The OCI community is comprised of a diverse set of member companies that are committed to creating open industry standards around the container image format and runtime. This blog series highlights OCI members and their contributions to building an open, portable and vendor neutral specification.
Name: Jake Warner
Title: CEO / Founder
Why did you join OCI?
At the end of the day, it would have been much harder for us to get started as a company without the previous OCI members and contributors coming together and developing runC and the runtime-spec. As our company continues to grow, we look forward to joining and contributing to the movement started by the OCI.
How is your organization involved in OCI?
At the moment, we’re an implementer of runC and the runtime specification. Coincidentally, we had begun the development of Cycle only a matter of days before runC was donated to the OCI by Docker. As a CaaS and container orchestration platform, being part of the organization which is key to standardizing containers was a no-brainer for us.
What are the aspects of the the runtime spec and/or image format spec that you are looking forward to most for your company?
Once the image spec is finalized with a v1.0 release, we’ll begin to see even more container projects come to life. Given the nature of Cycle being a CaaS platform, being able to support a wide variety of container build tools is fantastic.
How do you plan to use the runtime spec and/or image format spec?
We truly lucked out with the timing of the initial spec and the start of Cycle’s development. Because of this, we’ve built our systems around the runtime spec from day one.
How will these specifications help your business?
In a world where new technologies are appearing every day, being able to fall back to standards keeps everything moving forward. Having a well designed spec helps ensure Cycle can continue to integrate with things that haven’t yet been built.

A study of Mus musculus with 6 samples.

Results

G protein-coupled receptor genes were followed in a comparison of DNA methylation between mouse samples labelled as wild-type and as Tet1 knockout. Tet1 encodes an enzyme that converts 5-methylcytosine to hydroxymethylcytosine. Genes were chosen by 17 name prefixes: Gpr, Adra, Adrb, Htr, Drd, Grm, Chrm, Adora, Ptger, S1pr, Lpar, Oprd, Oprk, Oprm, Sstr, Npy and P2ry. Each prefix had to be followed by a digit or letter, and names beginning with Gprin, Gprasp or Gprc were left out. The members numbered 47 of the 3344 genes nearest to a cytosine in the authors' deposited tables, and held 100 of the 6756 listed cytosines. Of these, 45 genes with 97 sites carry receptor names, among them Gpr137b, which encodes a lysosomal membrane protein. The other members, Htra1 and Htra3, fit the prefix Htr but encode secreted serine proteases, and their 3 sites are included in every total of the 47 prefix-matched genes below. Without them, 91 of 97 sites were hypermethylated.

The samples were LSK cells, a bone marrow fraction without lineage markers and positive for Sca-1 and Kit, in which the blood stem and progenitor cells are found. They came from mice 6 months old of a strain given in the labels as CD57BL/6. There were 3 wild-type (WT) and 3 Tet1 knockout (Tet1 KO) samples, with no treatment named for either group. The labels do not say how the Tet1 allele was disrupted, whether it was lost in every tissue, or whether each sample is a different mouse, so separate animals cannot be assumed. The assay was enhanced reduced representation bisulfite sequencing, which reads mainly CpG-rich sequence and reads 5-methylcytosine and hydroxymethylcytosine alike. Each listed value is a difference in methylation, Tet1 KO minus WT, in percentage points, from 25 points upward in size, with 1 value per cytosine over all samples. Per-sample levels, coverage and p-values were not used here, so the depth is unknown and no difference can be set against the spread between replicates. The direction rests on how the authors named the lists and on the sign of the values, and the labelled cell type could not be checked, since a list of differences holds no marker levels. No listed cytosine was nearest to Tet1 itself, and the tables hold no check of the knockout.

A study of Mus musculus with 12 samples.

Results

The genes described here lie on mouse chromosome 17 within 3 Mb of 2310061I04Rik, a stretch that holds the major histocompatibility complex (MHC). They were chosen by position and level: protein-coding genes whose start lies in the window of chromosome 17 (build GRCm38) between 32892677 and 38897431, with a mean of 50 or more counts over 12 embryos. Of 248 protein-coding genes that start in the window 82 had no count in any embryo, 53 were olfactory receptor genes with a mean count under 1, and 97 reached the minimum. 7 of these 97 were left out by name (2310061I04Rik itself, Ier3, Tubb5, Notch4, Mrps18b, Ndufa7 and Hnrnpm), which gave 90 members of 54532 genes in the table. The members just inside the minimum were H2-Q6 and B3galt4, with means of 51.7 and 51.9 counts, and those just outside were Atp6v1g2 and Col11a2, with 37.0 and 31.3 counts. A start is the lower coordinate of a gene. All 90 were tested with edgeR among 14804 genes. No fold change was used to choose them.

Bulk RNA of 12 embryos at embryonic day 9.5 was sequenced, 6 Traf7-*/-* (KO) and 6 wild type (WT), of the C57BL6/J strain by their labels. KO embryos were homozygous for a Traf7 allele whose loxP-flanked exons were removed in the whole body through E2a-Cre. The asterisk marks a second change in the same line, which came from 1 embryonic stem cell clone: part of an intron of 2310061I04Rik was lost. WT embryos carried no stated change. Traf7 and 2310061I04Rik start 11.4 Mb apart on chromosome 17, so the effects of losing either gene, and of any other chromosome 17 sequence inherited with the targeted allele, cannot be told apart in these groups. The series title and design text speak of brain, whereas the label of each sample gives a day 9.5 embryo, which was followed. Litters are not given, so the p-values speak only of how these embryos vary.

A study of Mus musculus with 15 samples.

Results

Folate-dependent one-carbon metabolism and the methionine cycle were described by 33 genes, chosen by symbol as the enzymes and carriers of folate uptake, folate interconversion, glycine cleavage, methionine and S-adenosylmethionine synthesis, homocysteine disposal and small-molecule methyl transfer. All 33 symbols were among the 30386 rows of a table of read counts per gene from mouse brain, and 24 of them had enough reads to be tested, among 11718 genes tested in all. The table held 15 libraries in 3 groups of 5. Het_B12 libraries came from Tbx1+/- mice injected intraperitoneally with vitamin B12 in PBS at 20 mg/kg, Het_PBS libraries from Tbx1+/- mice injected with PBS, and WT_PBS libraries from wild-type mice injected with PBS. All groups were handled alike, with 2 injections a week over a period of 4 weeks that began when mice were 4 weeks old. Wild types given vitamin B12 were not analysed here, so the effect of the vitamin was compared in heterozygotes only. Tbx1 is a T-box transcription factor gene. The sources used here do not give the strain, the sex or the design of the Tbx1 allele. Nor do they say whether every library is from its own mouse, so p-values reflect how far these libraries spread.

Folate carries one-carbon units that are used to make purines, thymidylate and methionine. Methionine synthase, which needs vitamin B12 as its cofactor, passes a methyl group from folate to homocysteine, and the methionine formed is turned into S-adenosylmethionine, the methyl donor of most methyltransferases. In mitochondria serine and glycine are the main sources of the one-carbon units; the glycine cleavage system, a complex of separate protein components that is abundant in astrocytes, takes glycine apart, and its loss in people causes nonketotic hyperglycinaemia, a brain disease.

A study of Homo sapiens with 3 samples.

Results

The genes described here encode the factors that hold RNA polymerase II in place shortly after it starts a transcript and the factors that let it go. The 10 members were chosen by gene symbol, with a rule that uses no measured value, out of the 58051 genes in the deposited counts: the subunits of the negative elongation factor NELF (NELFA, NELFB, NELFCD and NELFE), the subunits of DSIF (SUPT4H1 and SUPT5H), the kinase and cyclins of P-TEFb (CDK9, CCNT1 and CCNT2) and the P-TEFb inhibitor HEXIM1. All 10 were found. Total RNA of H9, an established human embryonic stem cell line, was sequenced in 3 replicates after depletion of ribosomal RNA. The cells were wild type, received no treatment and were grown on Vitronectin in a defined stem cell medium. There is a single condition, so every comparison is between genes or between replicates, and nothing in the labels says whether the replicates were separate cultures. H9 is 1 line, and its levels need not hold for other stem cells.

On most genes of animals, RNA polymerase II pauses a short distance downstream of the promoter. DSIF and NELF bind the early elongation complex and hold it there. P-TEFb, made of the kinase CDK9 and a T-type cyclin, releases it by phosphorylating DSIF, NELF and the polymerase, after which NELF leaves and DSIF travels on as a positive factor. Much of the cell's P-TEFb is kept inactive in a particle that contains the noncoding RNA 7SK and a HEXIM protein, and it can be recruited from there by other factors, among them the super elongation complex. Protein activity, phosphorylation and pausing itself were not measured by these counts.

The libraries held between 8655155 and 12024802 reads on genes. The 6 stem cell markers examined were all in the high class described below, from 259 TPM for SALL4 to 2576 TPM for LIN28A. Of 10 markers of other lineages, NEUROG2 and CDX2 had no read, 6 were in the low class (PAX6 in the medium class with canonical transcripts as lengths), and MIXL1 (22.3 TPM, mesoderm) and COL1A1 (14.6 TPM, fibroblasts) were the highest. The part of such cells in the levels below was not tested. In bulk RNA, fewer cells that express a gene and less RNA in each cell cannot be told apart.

How do you anticipate OCI changing the container technology landscape?
Really, it already has. Now days, even sitting in container chatrooms on Slack or IRC, developers from companies who would otherwise be competing are working together to ensure containers are a solution to everyone’s problem. Having an organization that helps ensure stability across ‘super hot’ technologies like containers can only be a good thing.
What do you believe the benefits of using a runtime and image spec based on the OCI standard are for hosting providers? For small ISVs, application developers? For end users?
Given that Cycle provides bare-metal container hosting for our users, the runtime spec (and RunC) is invaluable to us. The ability to be complementary to other container build systems and integration tools is key to our success.
What advice would you give to someone considering joining OCI?
Do it. Even if you don’t have a ton of time to be involved in everything that takes place, you’re supporting an incredibly helpful organization and making an impact on what will be the future of application development/deployment. OCI members, code contributors, testers, and even those who really enjoy writing documentation, everyone has something to offer!